Outlook on NZ’s retirement village sectorAugust 11, 2022 / By
JLL recently passed the milestone of 10 years, analysing New Zealand’s retirement village and aged care industry. The key insights from our latest data are:
- Retirement villages across New Zealand continue to deliver new units to meet increasing demand, however, demand is outstripping the existing development pipeline.
- New Zealand’s population is ageing, which will continue to support the present and future demand for retirement villages.
- More ethnic diversity of occupiers in retirement villages will create a further need for more units in the future.
- The market share of the ‘big six’ operators will remain high, as evidenced by their supply pipelines.
- The aged care market provides a key part of the continuum of care.
Currently, an estimated 48,736 residents are in retirement villages (based on the calculation of 1.3 residents per unit). The data suggests an increase of 24,544 new units needed by 2033 to meet future demand over the current 37,489 units.
The retirement village industry is well supported by many providers and underpinned by the ‘big six’ operators in New Zealand, who currently provide 65.1% of the total units. In addition, Fletcher Living (the country’s largest residential provider) has launched its first two retirement villages under the ‘Vivid Living’ brand this year.
Figure 1: Forecast demand versus all development pipeline to 2033
Source: JLL NZ 3Q22
As New Zealand ages, so does the number of people aged 75+, creating continued demand for accommodation, which will be of significant interest to retirement village and aged care sector investment.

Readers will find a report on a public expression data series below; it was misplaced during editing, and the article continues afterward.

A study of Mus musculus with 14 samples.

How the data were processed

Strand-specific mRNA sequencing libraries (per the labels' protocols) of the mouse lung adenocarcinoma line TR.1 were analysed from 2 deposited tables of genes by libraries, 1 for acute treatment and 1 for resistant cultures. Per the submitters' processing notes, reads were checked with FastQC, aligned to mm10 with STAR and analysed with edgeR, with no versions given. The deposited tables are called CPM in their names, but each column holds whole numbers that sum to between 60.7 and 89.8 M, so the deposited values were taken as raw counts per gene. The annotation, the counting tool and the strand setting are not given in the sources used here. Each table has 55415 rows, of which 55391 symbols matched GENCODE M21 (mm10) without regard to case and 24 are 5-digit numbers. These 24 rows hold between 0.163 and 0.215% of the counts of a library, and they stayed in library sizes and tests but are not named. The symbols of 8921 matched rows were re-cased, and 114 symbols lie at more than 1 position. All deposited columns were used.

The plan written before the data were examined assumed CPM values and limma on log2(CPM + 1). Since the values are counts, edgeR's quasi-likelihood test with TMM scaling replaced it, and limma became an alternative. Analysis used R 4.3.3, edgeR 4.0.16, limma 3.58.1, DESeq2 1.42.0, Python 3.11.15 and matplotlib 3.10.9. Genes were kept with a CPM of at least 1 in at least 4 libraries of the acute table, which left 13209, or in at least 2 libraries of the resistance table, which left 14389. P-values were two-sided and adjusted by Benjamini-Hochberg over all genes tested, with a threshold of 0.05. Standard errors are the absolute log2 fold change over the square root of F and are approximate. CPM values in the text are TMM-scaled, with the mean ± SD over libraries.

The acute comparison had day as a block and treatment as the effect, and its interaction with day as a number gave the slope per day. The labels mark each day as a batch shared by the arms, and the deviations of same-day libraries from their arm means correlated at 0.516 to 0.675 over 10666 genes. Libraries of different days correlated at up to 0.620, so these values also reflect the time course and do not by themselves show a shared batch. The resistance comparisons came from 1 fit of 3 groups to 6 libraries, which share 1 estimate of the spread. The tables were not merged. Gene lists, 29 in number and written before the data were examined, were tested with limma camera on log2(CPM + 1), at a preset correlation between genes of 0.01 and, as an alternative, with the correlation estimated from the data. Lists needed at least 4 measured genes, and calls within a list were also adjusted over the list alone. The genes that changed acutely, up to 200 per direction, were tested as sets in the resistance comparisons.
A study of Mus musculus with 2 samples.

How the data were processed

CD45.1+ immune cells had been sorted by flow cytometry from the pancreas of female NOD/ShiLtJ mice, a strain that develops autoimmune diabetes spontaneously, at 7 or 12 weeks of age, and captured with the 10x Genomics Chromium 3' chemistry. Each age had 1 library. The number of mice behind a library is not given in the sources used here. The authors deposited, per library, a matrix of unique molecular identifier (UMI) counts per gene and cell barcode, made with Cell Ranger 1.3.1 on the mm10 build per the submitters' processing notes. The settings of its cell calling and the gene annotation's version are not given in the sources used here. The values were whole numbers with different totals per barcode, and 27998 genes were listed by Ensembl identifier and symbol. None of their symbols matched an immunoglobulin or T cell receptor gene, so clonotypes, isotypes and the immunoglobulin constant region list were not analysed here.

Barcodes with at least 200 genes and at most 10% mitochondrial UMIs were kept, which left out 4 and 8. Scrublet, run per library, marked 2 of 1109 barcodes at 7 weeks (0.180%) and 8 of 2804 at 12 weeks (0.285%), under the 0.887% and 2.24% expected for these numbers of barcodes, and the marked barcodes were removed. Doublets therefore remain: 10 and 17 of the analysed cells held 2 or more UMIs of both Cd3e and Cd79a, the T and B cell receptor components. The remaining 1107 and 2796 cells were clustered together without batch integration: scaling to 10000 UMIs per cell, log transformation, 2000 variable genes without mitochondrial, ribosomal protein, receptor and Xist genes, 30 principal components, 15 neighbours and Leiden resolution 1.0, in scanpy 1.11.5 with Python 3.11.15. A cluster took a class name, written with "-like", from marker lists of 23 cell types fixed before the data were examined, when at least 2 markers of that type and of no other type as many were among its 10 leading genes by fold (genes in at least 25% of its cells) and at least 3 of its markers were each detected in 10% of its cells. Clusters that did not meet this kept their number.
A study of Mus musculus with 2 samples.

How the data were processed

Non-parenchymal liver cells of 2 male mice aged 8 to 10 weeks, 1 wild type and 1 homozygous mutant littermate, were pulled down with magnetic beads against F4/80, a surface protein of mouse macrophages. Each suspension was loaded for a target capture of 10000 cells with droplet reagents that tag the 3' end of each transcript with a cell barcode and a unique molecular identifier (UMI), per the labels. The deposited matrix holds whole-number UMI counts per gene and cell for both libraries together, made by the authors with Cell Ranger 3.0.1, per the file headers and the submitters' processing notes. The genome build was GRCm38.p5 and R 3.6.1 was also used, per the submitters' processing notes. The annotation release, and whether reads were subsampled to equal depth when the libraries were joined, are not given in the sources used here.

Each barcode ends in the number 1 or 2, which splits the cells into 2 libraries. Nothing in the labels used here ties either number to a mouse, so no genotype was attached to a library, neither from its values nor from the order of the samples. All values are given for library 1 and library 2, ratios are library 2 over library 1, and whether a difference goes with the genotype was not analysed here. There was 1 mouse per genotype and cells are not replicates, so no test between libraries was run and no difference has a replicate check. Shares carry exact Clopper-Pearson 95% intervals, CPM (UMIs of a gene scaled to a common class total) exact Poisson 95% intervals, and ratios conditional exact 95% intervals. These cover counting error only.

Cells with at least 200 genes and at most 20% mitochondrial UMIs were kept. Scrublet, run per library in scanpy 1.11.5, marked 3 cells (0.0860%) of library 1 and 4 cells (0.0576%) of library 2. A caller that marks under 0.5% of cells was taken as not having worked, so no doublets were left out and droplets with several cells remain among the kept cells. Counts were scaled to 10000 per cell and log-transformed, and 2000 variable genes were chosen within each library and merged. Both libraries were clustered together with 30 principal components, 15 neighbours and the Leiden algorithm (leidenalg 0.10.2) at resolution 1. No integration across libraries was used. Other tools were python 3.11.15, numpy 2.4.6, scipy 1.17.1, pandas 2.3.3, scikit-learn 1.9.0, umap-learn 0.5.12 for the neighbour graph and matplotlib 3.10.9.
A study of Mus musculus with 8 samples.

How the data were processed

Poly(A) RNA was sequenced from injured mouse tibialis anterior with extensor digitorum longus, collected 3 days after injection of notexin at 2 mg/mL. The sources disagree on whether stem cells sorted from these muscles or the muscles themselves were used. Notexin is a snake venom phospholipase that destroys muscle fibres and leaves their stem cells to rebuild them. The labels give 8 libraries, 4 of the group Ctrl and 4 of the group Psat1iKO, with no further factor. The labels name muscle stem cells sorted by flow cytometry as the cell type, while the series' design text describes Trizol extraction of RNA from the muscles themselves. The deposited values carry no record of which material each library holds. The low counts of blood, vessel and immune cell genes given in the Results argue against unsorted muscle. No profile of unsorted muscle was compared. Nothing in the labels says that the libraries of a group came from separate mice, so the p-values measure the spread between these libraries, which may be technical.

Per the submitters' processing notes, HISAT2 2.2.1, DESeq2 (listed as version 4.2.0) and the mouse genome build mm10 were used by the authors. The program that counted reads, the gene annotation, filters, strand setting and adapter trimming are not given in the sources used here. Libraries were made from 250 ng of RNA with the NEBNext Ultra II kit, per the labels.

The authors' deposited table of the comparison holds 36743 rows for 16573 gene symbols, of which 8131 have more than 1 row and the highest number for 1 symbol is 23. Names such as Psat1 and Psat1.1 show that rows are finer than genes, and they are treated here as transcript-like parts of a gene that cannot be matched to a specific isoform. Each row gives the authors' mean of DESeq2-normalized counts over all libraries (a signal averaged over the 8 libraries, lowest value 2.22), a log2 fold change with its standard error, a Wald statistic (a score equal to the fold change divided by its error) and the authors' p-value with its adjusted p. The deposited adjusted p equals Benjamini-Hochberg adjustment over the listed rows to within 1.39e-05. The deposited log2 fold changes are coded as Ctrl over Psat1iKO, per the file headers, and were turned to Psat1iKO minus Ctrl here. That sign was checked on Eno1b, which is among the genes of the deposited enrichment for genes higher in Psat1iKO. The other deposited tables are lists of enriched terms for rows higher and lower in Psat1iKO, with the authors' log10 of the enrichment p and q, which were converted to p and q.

In 2021 there were estimated to be almost 345,960 people who were 75+ years of age, which is up 13,960 from 2020. This key demographic is forecast to increase by 221,490 by 2033 to reach 567,450 and by 265,360 by 2048 to reach 832,810.
Figure 2: 75+ population 201 and forecast to 2033 and 2048
Source: JLL NZ 3Q22
Other factors influencing the supply and demand for retirement villages, in addition to the country’s growing ageing population, include:
- Construction costs – rising inflation and supply chain constraints may lead to longer lead times to release new units through 2022 and into 2023.
- Cooling residential market – the median house price is reducing across many regions, and days to sell is widening – both of which may impact the settlement of new occupiers.
- Pandemic – during lockdowns, retirement villages experienced an increase in enquiries due to many retirees (and their families) realising they do not want to be alone in case such situations arise again.
Traditionally, several operators have commented that Māori, Polynesian and Asian communities make up a very small percentage of retirement village occupancy. It has been reported that tailored services, such as food and companionship offered at facilities, and tailored intervention, are required to increase Māori, Polynesian and Asian residents in retirement villages. Any increase in occupancy from these ethnicities will increase the number of units the industry would need to deliver.